Series: Saturday Science Links (20 entries)
The biggest science stories of the week are reviewed.
The biggest science stories of the week are reviewed.
This series by Denis Alexander reflects on advancements in genomics as well as their theological implications. He focuses on the relatedness of hominin genomes, arguing that this does not interfere with the image of God in humans. The image of God depends more on the capacity for relationship and covenant, not on a list of particular physical qualities. He then discusses why the recent studies of genomics provide “no grounds for genetic determinism.”
The BioLogos Foundation explains to the findings of the Encyclopedia of DNA Elements (ENCODE) project and responds to the claims that its discoveries challenge the theory of evolution, especially regarding so-called "junk DNA".
In today’s video, Dr. Rick Colling states that evolution is not merely the imposition of death and destruction and survival of the fittest. Rather, it is about second chances.
One of the challenges for discussing evolution within evangelical Christian circles is that there is widespread confusion about how evolution actually works. In this installment on “junk DNA”, we explore how genomics can be employed to test for non-functional sequences by comparing sequences between related organisms.
Scholar and musician Jeff Warren addresses the questions of how music is meaningful, and where that meaning resides, by looking at the popular ideas that musical meaning is entirely subjective to the listener and that the meaning of music can be universal. He also explores the recent trend of attempting to explain music via neuroscience. Finally, he looks into the reasons why music continues to play such a critical role in the worshiping life of the Church.
The discovery of DNA has revolutionized our understanding of common descent, particularly in the past few decades. Mutated genes spread through populations over generations, leading to evolutionary change. In this podcast, we look at several examples of genetic evidence for evolution.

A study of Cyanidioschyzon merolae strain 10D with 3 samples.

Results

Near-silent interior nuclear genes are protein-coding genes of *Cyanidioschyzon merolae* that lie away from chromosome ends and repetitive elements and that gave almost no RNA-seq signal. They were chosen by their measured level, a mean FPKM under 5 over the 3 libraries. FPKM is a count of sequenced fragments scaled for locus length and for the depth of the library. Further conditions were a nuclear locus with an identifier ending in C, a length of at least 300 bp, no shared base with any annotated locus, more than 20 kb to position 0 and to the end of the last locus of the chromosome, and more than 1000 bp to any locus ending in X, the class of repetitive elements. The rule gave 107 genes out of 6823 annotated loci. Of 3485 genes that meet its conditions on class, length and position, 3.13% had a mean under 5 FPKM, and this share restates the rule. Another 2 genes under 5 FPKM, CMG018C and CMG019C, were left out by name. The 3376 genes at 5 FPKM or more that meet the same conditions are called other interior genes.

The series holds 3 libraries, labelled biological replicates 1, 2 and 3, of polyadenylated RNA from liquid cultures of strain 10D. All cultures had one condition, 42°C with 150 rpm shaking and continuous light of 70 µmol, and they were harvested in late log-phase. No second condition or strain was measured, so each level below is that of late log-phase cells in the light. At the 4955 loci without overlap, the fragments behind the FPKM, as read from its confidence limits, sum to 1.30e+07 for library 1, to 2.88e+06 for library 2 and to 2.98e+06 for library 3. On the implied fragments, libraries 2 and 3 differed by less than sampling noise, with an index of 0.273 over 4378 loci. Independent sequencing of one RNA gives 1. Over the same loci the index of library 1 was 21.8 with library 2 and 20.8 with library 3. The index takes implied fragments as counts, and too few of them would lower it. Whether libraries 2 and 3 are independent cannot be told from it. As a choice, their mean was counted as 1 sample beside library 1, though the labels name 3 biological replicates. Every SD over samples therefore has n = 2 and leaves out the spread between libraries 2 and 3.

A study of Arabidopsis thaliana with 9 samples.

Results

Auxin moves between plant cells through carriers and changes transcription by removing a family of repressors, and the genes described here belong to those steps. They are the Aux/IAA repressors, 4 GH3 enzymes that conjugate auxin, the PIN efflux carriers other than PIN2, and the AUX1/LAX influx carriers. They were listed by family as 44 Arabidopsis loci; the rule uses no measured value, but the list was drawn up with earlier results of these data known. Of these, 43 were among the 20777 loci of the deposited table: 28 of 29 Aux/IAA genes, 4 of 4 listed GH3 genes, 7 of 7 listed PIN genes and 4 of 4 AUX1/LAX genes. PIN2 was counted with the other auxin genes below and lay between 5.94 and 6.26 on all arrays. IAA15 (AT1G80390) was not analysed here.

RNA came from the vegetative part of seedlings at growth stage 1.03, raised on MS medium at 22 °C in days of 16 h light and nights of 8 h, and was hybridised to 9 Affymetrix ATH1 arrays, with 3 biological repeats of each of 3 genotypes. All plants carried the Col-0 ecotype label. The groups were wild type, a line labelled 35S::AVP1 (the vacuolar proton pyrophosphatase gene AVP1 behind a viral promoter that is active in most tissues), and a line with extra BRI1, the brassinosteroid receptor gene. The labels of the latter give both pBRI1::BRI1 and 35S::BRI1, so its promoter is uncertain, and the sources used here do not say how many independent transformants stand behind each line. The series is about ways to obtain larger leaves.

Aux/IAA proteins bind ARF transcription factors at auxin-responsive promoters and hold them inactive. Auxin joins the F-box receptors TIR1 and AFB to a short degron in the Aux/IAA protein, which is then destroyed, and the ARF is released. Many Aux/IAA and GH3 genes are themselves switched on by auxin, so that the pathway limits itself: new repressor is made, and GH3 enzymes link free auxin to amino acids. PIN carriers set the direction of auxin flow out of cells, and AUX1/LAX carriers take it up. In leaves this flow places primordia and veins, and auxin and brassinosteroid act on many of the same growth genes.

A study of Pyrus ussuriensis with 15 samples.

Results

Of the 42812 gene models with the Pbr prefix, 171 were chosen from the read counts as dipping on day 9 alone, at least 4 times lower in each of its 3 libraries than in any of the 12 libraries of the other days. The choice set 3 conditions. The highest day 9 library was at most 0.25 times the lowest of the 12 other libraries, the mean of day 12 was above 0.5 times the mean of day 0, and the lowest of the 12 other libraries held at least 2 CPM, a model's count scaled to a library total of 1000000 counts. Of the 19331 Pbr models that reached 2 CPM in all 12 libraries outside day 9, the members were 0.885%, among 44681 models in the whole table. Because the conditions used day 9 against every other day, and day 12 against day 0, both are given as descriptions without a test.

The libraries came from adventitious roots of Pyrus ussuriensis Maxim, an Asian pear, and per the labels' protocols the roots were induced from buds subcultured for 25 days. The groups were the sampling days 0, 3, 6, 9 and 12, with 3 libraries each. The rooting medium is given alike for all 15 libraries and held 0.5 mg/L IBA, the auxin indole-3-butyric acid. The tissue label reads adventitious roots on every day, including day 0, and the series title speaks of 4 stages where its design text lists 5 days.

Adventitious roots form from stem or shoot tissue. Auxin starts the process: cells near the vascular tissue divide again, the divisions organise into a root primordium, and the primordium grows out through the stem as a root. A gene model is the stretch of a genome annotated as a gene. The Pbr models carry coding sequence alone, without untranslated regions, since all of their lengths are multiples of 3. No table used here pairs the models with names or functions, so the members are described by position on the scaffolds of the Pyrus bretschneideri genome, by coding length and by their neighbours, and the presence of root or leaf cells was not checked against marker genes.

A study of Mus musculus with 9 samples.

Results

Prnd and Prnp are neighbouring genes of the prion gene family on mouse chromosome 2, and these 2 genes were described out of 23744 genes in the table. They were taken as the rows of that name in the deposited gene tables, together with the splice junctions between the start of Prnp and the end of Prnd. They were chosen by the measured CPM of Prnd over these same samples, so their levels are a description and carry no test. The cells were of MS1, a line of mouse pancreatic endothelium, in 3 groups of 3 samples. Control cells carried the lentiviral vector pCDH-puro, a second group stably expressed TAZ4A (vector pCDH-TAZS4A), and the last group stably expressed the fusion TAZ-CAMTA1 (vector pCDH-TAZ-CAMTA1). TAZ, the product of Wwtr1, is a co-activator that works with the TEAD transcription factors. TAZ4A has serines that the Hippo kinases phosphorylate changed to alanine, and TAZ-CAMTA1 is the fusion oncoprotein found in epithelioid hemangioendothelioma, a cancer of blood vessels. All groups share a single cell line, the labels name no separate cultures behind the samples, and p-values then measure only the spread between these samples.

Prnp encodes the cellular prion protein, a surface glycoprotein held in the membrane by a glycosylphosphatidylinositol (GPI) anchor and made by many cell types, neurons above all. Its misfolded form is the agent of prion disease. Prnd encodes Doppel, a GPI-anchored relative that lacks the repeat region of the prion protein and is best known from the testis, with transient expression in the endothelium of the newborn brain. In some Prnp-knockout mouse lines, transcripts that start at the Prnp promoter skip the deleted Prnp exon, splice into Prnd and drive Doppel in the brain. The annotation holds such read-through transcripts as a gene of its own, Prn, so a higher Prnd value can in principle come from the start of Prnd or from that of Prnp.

As an evolutionary biologist I am fascinated by the emergence of cognitive abilities that make us so distinctive from other living species. There are, however, risks in making up evolutionary "just-so" stories to explain the origins of complex human beliefs.
This technical series, co-written by Darrel Falk and David Kerk, looks into the evidence for evolution in order to dispel doubts that people may have about this well-supported theory. They look at three things specifically: the separate methods which reveal of the age of the earth, the unfolding history of whale evolution, and finally the common trends of heart development in vertebrates.
This brief series explains the significance of pseudogenes. Darrel Falk and Dennis Venema demonstrate how the theory of common descent provides a fine framework in which to interpret the existence of these once-functional genes. They also discuss the relationship of various primates and other mammals based on shared pseudogenes. The evidence in support of evolutionary theory, they argue, is compelling when examining the rich history disclosed in the DNA of every organism.
In some ways, comparing the DNA sequence between related organisms is like reading alternative history novels. The hypothesis of common ancestry between similar organisms makes a very straightforward prediction about their genomes...
A friend tells me the most important task for The BioLogos Forum is to present evidence of evolution in ways people without a biology background can understand.
The Denisovans, an extinct hominid group that interbred with modern humans, made the news again lately with the publication of a more detailed study of their genome. One of the many interesting findings was that the Denisovans share the same chromosome 2 fusion that modern humans have.
Written by BioLogos Fellow of Biology Dennis Venema, this series of posts is intended as a basic introduction to the science of evolution for non-specialists.
Would those genuinely interested in learning about evolution benefit from a careful explanation of why these common objections don’t hold water? Here the answer seemed to me to be “yes.”
Does Collins show that Evangelicals have turned the corner on the scandal Noll brought to light, or does the continued resistance of the majority of Evangelicals to Collins’s work (about 75% reject human evolution) show that we as a collective group still do not take the life of the mind seriously?
Today’s Origins News Roundup features challenging and exciting new ideas about evolutionary theory, fossil finds that add to our understanding of how carnivores and humans developed, some interesting science history from England, and more on American views of evolution.
This week’s Origins News Roundup features highlights from a recent conference of evangelical theologians, exciting human fossil finds, tell-tale lice, and a few words from the Pope.
Where is human evolution going? Where has human evolution been? A roundup of stories from the past few weeks.
Join astrobiologist Stephen Freeland for a look into the nature of information and the origins of life on earth. (These posts were originally published as a paper in the ASAs academic journal, PSCF, and are reprinted here with permission.)